Flood Conditions Continue to Hamper Barge Traffic
Extreme rainfall events have caused flooding on much of the inland waterways and hampered barge traffic. During June, the flooding caused several lock closures on the Mississippi, Illinois, and Arkansas Rivers. During the week ending July 1, Mississippi River Locks 20, 21, 22, 24, and 25 (Clayton, MO, to Grafton, IL) were closed for a few days due to high water. St. Louis Harbor has reopened to daylight only traffic for barges greater than 600 feet.
On July 1, Mississippi River levels at St. Louis rose to slightly over 38 feet (a level which procedurally prompts the Coast Guard to close the river), but a complete closure was not implemented as flood levels are forecast to recede during the upcoming weekend.
Grain Inspections Increase Slightly
For the week ending June 25, total inspections of grain (corn, wheat, soybeans) from all major export regions reached 1.65 million metric tons (mmt), up 3 percent from the past week, 28 percent above last year, and 19 percent above the 3-year average. Soybean inspections jumped 69 percent, wheat inspections increased 3 percent, and corn inspections decreased 8 percent from the past week.
Mississippi Gulf grain inspections jumped 41 percent from the previous week as shipments to Latin America and Africa rebounded. Pacific Northwest grain inspections dropped 45 percent during the same period. Outstanding (unshipped) exports sales of wheat continued to increase from week to week, while corn and soybean sales decreased.
EPA Proposal Could Boost Ethanol Use
The U.S. Environmental Protection Agency is hoping to put more ethanol in gasoline despite reducing the consumption target established in a 2007 energy law. On May 29, EPA proposed requiring the use of 13.4 billion gallons of corn-based ethanol this year and 14 billion in 2016, down from the 15 billion target for both years established in 2007. EPA will finalize the targets by November 30. (Bloomberg News)
Daniel Elliott Confirmed as STB Chairman
On June 22, the Senate confirmed the nomination of Daniel Elliott for a reappointment as the Chairman of the Surface Transportation Board (STB). Elliott had been Chairman since 2009 until his term expired in December 2014. Deb Miller has been the acting Chairwoman in the meantime, and Ann Begeman has continued to serve as Vice Chairwoman. Currently, the STB has only three members, but recent legislation passed by the Senate would expand the membership to five if the legislation is also approved by the House.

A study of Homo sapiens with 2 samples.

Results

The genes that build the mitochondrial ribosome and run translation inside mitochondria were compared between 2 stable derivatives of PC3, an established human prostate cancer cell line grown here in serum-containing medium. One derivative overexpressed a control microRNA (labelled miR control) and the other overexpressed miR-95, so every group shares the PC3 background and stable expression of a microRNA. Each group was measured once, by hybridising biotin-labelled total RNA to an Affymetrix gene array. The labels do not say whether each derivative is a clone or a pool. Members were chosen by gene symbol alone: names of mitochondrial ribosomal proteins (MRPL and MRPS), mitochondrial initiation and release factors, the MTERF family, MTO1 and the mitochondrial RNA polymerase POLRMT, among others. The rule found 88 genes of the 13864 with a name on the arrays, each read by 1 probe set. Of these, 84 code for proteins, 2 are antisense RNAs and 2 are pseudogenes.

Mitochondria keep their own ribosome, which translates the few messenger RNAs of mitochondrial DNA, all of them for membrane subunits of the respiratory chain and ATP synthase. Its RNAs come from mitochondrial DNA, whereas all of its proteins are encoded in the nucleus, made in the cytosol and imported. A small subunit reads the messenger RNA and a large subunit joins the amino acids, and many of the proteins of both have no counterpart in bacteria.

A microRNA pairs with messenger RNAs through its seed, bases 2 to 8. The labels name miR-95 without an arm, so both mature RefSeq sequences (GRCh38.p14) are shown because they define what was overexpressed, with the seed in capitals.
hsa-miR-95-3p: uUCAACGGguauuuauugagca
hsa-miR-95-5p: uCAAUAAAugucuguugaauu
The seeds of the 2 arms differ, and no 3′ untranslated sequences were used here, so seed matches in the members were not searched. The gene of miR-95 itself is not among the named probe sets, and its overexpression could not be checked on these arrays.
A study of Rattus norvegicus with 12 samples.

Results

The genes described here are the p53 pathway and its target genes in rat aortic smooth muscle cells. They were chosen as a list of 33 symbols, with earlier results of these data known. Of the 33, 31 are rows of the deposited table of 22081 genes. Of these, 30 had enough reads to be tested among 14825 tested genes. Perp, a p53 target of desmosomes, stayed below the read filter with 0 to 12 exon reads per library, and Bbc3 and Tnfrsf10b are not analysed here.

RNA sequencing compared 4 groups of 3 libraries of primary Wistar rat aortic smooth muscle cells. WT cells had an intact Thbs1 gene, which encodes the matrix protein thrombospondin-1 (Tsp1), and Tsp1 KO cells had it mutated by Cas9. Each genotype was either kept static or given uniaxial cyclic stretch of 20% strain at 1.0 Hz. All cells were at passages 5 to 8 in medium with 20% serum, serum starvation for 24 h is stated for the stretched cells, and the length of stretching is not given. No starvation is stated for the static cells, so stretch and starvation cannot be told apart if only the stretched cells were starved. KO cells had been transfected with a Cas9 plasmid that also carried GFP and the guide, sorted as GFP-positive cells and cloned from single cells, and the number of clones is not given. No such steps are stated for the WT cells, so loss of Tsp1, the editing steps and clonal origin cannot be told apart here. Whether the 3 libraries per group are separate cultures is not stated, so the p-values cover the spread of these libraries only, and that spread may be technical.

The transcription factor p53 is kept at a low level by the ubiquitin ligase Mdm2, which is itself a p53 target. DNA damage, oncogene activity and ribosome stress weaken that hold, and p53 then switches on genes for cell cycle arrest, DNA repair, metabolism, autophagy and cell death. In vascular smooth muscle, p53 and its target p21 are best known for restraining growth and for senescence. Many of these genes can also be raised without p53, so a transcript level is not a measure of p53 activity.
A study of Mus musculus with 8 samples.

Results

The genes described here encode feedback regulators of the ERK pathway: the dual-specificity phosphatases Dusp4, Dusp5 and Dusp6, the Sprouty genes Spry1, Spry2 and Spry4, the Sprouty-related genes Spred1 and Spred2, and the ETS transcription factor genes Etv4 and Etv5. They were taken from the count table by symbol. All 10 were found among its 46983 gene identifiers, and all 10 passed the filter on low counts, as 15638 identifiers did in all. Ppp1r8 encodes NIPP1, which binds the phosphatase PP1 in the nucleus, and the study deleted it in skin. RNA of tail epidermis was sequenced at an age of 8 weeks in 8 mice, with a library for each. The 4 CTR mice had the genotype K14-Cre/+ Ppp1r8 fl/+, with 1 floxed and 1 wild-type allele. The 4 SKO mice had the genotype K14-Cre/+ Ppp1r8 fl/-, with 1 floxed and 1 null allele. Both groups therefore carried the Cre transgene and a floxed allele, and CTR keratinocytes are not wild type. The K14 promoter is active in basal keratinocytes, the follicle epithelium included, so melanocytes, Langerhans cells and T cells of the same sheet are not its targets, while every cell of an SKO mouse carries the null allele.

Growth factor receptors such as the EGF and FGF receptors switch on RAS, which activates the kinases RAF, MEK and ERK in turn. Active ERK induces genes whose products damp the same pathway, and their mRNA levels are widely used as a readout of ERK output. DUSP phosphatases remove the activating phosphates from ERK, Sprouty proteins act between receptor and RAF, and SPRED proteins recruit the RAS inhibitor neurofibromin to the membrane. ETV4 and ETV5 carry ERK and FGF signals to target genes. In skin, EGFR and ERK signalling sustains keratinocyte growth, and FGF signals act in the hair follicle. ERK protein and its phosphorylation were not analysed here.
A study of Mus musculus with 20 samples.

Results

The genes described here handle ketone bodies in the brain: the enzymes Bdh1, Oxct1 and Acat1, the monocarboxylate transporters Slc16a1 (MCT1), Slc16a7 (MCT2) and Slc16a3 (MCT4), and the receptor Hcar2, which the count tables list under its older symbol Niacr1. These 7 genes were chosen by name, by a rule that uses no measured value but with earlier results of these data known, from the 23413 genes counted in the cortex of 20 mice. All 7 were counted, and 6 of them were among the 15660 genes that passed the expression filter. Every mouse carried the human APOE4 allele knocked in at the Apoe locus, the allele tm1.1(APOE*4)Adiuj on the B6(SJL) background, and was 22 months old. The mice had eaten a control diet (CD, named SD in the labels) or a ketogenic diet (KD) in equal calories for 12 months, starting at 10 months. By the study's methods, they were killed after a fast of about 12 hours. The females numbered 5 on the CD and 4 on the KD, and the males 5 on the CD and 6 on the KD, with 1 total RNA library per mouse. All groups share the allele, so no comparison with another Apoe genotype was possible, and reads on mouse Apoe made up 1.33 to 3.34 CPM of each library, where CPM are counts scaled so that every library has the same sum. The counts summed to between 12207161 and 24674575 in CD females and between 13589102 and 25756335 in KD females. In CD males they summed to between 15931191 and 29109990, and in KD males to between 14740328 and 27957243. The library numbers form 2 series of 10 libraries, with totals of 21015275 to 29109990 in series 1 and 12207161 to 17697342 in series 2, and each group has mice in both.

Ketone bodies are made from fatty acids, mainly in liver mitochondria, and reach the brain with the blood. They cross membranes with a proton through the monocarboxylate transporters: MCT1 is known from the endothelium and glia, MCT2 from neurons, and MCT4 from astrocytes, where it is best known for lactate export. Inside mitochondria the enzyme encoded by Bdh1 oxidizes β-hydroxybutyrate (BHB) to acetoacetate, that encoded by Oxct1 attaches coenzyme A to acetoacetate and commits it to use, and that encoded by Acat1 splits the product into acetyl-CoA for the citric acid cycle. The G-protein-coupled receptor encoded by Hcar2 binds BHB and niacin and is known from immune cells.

Snapshots by Sector
During the week ending June 18, unshipped balances of wheat, corn, and soybeans totaled 17.8 mmt, unchanged from the same time last year. Net weekly wheat export sales of 0.434 mmt were up 38 percent from the prior week. Corn export sales of 0.497 mmt were down 21 percent, and soybean export sales of 0.119 mmt were down 11 percent from the prior week.
U.S. Class I railroads originated 18,271 carloads of grain during the week ending June 20, down 10 percent from last week, up 3 percent from last year, and up 4 percent from the 3-year average.
During the week ending June 25, average July shuttle secondary railcar bids/offers per car were $199 below tariff, up $17 from last week and $1,149 lower than last year. Non-shuttle secondary railcar bids/offers were $25 below tariff, up $13 from last week and $363 lower than last year.
During the week ending June 27, barge grain movements totaled 723,133 tons–about 7 percent higher than the previous week and 3 percent lower than the same period last year.
During the week ending June 20, 473 grain barges moved down river, up 6 percent from last week; 564 grain barges were unloaded in New Orleans, down 5 percent from the previous week.
During the week ending June 25, 31 ocean-going grain vessels were loaded in the Gulf, 29 percent more than the same period last year. Forty vessels are expected to be loaded within the next 10 days, 23 percent less than the same period last year.
During the week ending June 19, the ocean freight rate for shipping bulk grain from the Gulf to Japan was $32 per metric ton (mt), down 2 percent from the previous week. The cost of shipping from the PNW to Japan was $18 per mt, down 3 percent from the previous week.
During the week ending June 29, U.S. average diesel fuel prices decreased 2 cents from the previous week to $2.84 per gallon–down $1.08 from the same week last year.